By TOM GODFREY
Respected community elder and former Metro Toronto councillor, Bev Salmon, has joined others in calling for Toronto Police to end the practice of racial profiling and carding in a speech to kick off Black History Month.
“It is sad but this practice has to be stopped,” Salmon said afterwards. “This practice by police criminalizes a lot of young people in the community.”
Salmon, who served in municipal politics in both North York and Toronto, was a keynote speaker at a brunch last weekend at the Liberty Grand complex that was attended by hundreds of community members, leaders and politicians.
In the audience were police officers, including Toronto Police Deputy Chief Peter Sloly and colleagues from forces across Ontario, including the OPP, whose first Black female officer, Carole Ann Alfred, who served from 1978 to 1985, is featured in the Black History Month 2014 poster.
“I am glad that they (police) heard me,” Salmon told Share in an interview. “Racial profiling and carding by police is a dangerous thing.”
Some people at the event said officers in attendance seemed uncomfortable with the racial profiling part of Salmon’s speech. Toronto Police and other forces have refused to back down or stop the practice, which is now being challenged before the courts.
Salmon recalled Ontario’s first Black MPP Leonard Braithwaite being profiled by Toronto Police as a young University of Toronto law student in the early 1950s.
“It was happening then and it is happening now,” Salmon said. “Leonard went on to become a lawyer and the first Black MPP in Ontario.”
Salmon, who was the recipient of a Dr. Daniel G. Hill Award for her volunteer service, said the community is silent on the profiling issue.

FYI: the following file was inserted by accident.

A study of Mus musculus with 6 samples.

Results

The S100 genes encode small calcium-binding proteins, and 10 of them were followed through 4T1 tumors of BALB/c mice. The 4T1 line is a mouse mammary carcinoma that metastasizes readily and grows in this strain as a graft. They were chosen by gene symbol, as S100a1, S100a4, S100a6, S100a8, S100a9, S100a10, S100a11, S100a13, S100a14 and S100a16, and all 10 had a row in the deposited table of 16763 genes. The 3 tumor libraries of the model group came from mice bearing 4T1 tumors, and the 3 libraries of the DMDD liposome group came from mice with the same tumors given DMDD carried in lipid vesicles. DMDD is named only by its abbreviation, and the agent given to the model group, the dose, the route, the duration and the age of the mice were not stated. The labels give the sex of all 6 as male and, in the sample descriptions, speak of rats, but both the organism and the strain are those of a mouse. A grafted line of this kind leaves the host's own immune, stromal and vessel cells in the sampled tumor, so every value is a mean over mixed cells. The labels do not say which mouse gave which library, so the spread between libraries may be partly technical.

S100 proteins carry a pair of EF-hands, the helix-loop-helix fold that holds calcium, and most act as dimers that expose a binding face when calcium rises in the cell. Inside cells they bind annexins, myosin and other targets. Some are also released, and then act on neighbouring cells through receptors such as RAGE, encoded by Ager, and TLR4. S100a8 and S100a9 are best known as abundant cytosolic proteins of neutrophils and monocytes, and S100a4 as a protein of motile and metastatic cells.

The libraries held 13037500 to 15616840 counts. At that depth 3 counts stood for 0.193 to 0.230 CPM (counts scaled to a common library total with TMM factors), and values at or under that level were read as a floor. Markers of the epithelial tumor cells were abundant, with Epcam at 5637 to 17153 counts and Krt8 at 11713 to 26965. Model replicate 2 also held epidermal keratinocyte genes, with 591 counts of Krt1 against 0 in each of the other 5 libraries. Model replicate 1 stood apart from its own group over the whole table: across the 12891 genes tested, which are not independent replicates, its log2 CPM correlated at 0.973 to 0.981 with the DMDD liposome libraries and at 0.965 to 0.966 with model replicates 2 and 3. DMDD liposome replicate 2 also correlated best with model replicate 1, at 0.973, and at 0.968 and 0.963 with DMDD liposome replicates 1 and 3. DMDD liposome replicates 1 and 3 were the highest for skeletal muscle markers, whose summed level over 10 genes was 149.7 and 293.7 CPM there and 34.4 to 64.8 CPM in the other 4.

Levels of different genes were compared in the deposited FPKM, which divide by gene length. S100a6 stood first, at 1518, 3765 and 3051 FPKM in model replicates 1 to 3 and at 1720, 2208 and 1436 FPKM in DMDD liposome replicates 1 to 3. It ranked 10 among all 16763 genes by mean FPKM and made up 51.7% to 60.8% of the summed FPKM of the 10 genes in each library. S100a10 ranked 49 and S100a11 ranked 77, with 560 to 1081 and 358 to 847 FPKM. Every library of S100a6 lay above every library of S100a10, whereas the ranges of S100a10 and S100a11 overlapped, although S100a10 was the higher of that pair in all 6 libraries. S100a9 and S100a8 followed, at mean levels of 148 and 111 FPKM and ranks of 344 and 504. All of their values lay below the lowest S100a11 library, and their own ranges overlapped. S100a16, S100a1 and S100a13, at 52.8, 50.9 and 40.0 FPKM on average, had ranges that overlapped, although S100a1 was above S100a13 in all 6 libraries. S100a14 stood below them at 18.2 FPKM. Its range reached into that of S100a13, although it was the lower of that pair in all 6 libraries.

“The majority of people being carded are young Black males,” she stressed. “This is an important issue and the community is being very complacent.”
Rosemary Sadlier, president of the Ontario Black History Society, said she was pleased by the turnout and not surprised by Salmon’s comments.
“People in the African Canadian community have a range of viewpoints and some of them are quite legitimate,” Sadlier said.
Salmon is a trained nurse who moved with her late husband, Dr. Doug Salmon, to Detroit for several years before returning to Canada.
Her husband was a top athlete and Canada’s first Black surgeon and the first African-Canadian president of a hospital medical staff. He passed away in 2005 at age 81.
Salmon was a co-founder of the Urban Alliance on Race Relations and the Ontario Human Rights Commission’s first Black female commissioner.
The issue of racial profiling and carding of Blacks by police is heating up in the community, with meetings planned and other lawyers joining forces to possibly help in three class-action lawsuits filed against police and three levels of government to end the practice that records the encounters between Blacks and Toronto Police for future investigations.